Consider a photographer with an SLR camera and a PC lens attached in its default, unshifted position, standing on the ground at the base of a columned building whose height is X times that of the person and is located Y feet away from him.

The photographer composes a frame with the center of the building in the center of the frame with some empty space above it, to do so they have to pitch the camera slightly upwards which creates a keystone effect with the columns appearing to converge vertically towards a point above the frame.

Next the shooter maintains the camera orientation levels the camera and adjusts the shift of the PC lens until the columns appear parallel in the image.

Is there any change in focus at the bottom of the columns and the focus at the top of the columns before and after the shift ?


The shift will not change the convergence of vertical lines. The verticals converge because the lens isn't horizontal. The purpose of the shift is to allow you to frame the building while maintaining the lens axis horizontal.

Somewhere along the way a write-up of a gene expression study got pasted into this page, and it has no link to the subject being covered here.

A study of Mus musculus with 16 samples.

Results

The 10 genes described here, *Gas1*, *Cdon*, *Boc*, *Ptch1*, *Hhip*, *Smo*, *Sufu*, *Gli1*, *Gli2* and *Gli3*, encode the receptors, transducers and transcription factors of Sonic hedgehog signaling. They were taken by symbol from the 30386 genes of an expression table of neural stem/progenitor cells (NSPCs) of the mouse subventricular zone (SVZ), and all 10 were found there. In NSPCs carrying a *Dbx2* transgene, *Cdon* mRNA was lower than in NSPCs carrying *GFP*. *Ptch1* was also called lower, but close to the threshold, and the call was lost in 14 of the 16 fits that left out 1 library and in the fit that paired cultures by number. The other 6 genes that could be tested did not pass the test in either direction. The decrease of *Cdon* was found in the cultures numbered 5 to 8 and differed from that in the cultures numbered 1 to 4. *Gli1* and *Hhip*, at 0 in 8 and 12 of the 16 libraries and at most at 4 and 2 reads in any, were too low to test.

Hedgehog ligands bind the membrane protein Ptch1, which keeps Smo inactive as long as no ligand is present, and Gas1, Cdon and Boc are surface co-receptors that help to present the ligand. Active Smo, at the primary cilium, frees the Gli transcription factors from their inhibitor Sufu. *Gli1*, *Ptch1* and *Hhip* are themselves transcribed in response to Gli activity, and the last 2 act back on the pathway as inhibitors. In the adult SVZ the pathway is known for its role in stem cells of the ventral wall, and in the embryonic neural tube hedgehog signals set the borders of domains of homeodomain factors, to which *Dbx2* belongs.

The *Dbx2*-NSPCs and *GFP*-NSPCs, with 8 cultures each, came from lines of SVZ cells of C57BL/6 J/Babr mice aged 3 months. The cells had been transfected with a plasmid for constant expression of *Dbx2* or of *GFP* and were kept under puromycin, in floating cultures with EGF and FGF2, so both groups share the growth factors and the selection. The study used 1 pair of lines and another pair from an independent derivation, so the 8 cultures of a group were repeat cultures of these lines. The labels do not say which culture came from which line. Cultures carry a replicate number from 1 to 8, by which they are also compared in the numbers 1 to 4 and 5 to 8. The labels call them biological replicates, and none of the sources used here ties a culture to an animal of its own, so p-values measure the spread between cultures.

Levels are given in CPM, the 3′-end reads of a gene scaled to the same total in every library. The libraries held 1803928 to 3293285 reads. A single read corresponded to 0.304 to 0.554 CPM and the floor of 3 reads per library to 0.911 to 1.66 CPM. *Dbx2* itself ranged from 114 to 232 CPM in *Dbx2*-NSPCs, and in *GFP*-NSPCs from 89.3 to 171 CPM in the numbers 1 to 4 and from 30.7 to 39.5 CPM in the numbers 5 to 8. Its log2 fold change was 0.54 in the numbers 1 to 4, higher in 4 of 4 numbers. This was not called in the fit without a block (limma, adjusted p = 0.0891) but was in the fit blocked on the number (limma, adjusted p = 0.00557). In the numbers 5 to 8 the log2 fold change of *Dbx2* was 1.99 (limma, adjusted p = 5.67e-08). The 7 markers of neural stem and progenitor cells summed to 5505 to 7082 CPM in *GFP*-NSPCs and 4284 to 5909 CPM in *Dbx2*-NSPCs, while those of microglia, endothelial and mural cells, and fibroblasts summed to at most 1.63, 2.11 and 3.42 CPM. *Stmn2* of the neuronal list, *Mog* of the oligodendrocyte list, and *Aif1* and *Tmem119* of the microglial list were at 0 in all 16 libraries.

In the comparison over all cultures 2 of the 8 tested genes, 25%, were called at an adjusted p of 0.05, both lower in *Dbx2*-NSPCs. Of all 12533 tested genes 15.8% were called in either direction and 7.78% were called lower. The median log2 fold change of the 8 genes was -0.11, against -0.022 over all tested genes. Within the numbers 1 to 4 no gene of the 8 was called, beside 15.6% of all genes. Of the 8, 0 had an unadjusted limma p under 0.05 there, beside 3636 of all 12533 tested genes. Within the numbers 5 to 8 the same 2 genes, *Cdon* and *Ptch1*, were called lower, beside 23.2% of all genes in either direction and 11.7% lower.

If you focus to the middle of of the building, and then make the camera horizontal, then the focus has changed: in the worst case scenario, if you are right next to the wall, you focus at half the building height, but when you take the picture you are just a few inches away. Of course for a real shot it will depend how far you are and how high is the building.

  • You are right, edited to make the described scenario actually possible – SirPeepsalot Jan 8 at 12:27
  • It would also depend on how well corrected for field curvature the lens is, since shift movements move the part of the image circle centered on the sensor towards the edge of the lens' image circle. – Michael C Jan 8 at 12:41
  • Well it's a PC lens so that's what it was designed to do. – SirPeepsalot Jan 8 at 12:56

Possibly. That is because when the lens is shifted it is using the periphery of the objective lens and not the center. The actual result would depend on the focus field curvature of the lens. It is typically only specialized macro lenses that are designed to be flat field.

That said, I have not noticed any such effect using Nikkor PC-E lenses, but I also tend to use them tilted more than shifted.